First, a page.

1370.0.55.001 - Measures of Australia's Progress: Summary Indicators, 2011  
ARCHIVED ISSUE Released at 11:30 AM (CANBERRA TIME) 06/10/2011   

The productive capacity of the economy is often measured by Gross Domestic Product (GDP), which indicates the extent of production and consumption in the economy. GDP can also be taken as a measure of the competitiveness of the Australian economy. However, GDP is not directly related to wellbeing, rather it is a measure that measures the growth of the economy per se.

Theoretically, a productive economy means that more economic resources are available to all people. However, the wellbeing of society is more directly indicated by looking at the standard of living of individuals and families.

Having high income or reserves of wealth extends the range, quantity and quality of goods and services that can be consumed, and can indicate life success. Perhaps more importantly, people with limited resources can experience hardship in meeting the basic costs of living and may become dependent on others to have such needs met.

The effective distribution of income and wealth is therefore crucial in understanding whether all members of society have sufficient economic resources for basic needs such as housing, clothing and food. Productivity growth achieved, for instance, by increasing production from workers or capital investment is intended to support this distribution by improving living standards, resulting in more income available to be distributed.

In this commentary, economic progress equates to enhancing Australia's national income (broadly Australians' real per capita levels of consumption) while at least maintaining (or possibly enhancing) the national wealth that will support future consumption.

The headline dimensions that help Australians to assess whether our economy has progressed include:

National income reflects Australians' capacity to purchase goods and services, and is a key determinant of material living standards. A rise in real income means not only a rise in the capacity for current consumption, but also increased ability to accumulate wealth (e.g. houses, machinery, financial assets), which may be used to generate future income and support future consumption.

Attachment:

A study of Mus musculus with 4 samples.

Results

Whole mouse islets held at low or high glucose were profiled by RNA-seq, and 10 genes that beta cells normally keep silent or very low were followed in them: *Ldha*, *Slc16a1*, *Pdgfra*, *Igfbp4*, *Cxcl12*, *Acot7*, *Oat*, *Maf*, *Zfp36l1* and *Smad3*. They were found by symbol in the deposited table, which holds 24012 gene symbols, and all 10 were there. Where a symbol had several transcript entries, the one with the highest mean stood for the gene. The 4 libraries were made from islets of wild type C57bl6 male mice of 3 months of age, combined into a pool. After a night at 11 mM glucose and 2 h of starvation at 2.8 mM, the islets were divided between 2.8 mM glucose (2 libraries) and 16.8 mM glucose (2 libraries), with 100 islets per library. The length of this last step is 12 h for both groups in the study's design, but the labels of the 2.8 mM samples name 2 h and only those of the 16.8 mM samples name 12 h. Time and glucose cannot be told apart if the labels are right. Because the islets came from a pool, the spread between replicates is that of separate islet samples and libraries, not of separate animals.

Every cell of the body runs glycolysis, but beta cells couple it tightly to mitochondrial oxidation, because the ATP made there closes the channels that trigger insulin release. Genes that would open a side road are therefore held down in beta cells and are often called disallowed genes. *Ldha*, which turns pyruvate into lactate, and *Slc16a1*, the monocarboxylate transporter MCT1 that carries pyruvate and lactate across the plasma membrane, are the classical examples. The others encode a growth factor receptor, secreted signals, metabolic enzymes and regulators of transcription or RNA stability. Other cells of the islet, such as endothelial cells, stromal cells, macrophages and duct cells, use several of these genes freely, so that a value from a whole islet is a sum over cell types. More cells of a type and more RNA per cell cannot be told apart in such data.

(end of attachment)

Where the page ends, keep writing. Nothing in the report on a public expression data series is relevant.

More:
Along with the skills of the work force, a nation's wealth (in the form of economic assets) effects its capacity to generate income, and provides it with resilience to withstand economic shocks that affect income. For example, economic assets generate income when used in manufacturing (such as machinery and equipment), when extracted or harvested (such as minerals or crops), or when they return income flows to Australia (e.g. financial assets). Other assets, such as owner-occupied dwellings, provide consumption services direct to their owners.

The household economic wellbeing dimension reflects the principle that people should have access to some minimum material standard of living. This is largely determined by a household's command over its economic resources and its capacity for consumption of goods and services. Households with low income may be less likely to be able to support an acceptable standard of household economic wellbeing. A rise in household income indicates there is more disposable income to spend on needs, wants and accumulate wealth. A drop in household income puts more pressure on household budgets, and may lead to the consumption of accumulated wealth.

Housing provides people with shelter, security and privacy, and having an adequate and appropriate place to live is fundamental to people's wellbeing. People who live in higher income households may have a wide range of housing choices, including having the choice to purchase a home. For people living in low income households, a primary concern may simply be access to shelter so, for these people, housing affordability becomes a more fundamental wellbeing issue. The number of people experiencing housing difficulties can also represent flow on costs to the wider society in the form of lost community cohesion and increased costs of community services.

Productivity is an important measure of economic progress. Improvements in productivity mean the economy is using resources, such as capital, labour, energy or materials, more efficiently. While education and training improve the quality of the labour force over time, and are a key input into productivity, lack of innovation, research, development, or investment in assets can reduce productivity and thus Australia's ability to compete in the international market.

While not given headline status, 'Inflation' and 'Competitiveness and openness' are included as supplementary dimensions in MAP because of their relevance to whether life in Australia is getting better. For a discussion of these supplementary dimensions, please see the more comprehensive publication Measures of Australia's Progress, 2010 (cat. no. 1370.0).